To blame young people's mental health problems entirely on technology is dangerous and naive, argues Natasha Devon

Natasha Devon, GCSEs, anxiety, grade 9

To blame young people's mental health problems entirely on technology is dangerous and naive, argues Natasha Devon

Over the past few years, there has been a sharp increase in recognised instances of declining mental health in the general population. This has been most pronounced in young people. Whilst this is a widely acknowledged and empirically measurable phenomenon, it’s also undoubtedly in part a case of mental ill health which would once have flown under the radar – now more visible in an age of greater awareness.

Inevitably, scientists, charities, educators, parents and journalists have set about puzzling over the first aspect – what is it about modern living that makes mental illness more likely? And, it would appear, they have unanimously settled upon their answer: technology.

Children’s commissioner Anne Longfield published recommendations calling for mandatory digital literacy lessons in primary schools earlier this year. Facebook hosted a thinktank-style meeting at its London HQ, inviting representatives from mental health-focused charities to share thoughts on how social media platforms could protect young and/or vulnerable users. Last week even Simon Cowell got in on the act, declaring that he had given up his mobile phone for the past 10 months in a bid to safeguard his own mental wellbeing.

It’s easy to see how the public outcry has happened – young people are in measurable distress and technology represents the most obvious cultural shift between their generation and the ones that preceded it. It’s also, of course, necessary for us to adapt education so that it is better able to give children the tools they need to successfully navigate modern life, making Longfield’s recommendations both sensible and timely.

The conversation presents a potential danger, however, when technology, and in particular social media, starts being used as a means of distracting and scapegoating. Last week Professor Hugh Brady, vice-chancellor of Bristol University, was reported to have claimed that "constant" social media use was to blame for deteriorating mental health in the student population.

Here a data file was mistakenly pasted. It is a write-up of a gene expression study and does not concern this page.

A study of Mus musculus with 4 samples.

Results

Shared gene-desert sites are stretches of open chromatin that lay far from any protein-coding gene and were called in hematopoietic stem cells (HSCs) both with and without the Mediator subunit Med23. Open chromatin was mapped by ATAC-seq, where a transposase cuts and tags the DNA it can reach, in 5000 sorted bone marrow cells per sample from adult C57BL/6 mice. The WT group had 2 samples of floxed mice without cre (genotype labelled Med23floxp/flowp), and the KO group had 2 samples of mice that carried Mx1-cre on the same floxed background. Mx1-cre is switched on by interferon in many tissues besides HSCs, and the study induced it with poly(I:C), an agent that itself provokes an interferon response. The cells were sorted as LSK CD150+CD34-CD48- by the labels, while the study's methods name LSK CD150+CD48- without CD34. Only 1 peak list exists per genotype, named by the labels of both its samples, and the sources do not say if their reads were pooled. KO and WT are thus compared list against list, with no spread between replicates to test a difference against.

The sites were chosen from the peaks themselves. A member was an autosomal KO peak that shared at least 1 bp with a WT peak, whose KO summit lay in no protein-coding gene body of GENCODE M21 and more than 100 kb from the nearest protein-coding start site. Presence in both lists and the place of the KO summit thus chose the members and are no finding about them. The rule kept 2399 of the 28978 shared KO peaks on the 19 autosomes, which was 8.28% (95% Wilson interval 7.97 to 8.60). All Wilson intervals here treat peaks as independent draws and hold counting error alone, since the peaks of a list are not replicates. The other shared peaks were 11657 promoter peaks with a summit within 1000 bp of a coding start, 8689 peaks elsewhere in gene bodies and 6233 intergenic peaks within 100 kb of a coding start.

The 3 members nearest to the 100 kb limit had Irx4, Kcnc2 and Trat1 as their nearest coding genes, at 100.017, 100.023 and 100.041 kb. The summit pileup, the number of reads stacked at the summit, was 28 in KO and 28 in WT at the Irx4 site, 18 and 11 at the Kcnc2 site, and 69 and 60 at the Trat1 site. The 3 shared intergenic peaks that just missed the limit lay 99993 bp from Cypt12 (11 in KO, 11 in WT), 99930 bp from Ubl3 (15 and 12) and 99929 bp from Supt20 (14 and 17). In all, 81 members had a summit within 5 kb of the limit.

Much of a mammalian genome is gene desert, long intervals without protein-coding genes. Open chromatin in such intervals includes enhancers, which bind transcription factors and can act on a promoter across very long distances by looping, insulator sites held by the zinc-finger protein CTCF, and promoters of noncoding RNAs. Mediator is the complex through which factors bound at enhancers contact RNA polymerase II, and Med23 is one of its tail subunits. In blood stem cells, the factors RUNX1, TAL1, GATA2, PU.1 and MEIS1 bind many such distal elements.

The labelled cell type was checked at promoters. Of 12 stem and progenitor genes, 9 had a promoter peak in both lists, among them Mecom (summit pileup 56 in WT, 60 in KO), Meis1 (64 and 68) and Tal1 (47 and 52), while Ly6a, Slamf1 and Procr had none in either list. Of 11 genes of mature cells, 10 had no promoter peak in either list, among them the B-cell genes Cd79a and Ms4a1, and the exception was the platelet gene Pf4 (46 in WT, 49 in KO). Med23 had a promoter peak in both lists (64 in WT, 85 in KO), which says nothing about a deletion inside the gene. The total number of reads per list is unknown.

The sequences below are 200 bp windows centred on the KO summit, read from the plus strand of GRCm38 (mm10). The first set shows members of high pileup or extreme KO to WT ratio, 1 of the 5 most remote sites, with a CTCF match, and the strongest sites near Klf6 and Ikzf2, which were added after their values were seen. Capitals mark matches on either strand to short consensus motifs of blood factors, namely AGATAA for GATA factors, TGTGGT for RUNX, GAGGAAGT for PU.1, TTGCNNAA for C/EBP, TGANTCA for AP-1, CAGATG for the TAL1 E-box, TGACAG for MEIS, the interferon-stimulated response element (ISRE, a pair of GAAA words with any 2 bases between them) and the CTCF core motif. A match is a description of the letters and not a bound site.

Bristol University has endured 10 student deaths which were suspected to be suicides over the past two years. In response, it pledged to invest £1 million into improving student mental health. I am, of course, aware that the media likes to take soundbites out of context but, if true, for one of the leaders of the university to have subsequently arrived at the conclusion that social media should be their focus is not only spectacularly naïve but also extremely worrying.

Many challenges to mental health

On Wednesday, charity Student Minds will launch its Transitions project, which aims to help to prepare sixth-form and college students for some of the more difficult aspects of university life. Whilst researching my book A Beginner’s Guide to Being Mental, I interviewed the charity’s chief executive, Rosie Tressler, and asked her to name the biggest challenges to student mental health.

Having conducted numerous studies to create the Transitions toolkit, Rosie told me that the hurdles had been identified as: housing and relationships, budgeting, culture shock, academic pressure, balancing social life with academic work and part-time employment, and anxiety about future prospects and employment. In this context, pointing the finger at smartphones is, to say the least, reductionist.

Writing my book also solidified some of the retrospective understandings I have gained about my own history of mental illness. I realised that, whilst I had the first panic attack I can remember at the age of 10, it was when I went to university that I began developing the most toxic coping mechanisms for my anxiety and thus my mental health took a significant nosedive. This was in no small part because of all the reasons outlined by Rosie above and it happened at a time before the smartphone had been invented.

Now, of course, the pressure on university students has been magnified because of the amount of debt most will be forced to get into (my student loan was less than £10,000, the average amount in 2018 is £57,000), as well as a much more competitive job and housing market. So it’s little wonder that, again according to Student Minds, as many as one-third of people currently studying at university are in psychological distress.

No reasonable person would contest the idea that technology and social media have had a rapid and dramatic impact on how we think and behave, and that urgent adjustments need to be made to allow for this. To conclude, however, that this is responsible for rising levels of mental illness is a huge leap.

I suspect that it is, in fact, adults who struggle most with the impact of technology, because they were not born into a world where it was already part of the social infrastructure. My own research shows that young people see social media as much less of a negative influence on their wellbeing than their forebears. Of course, there is value in both perspectives. But perhaps it’s time we began giving a little more credence to the views of the young people affected and looking beyond social media as the reason for the crisis in their mental health.

Natasha Devon MBE is the former government mental health champion. She is a writer and campaigner and visits an average of three schools per week all over the UK. She tweets @_natashadevon. Find out more about her work here.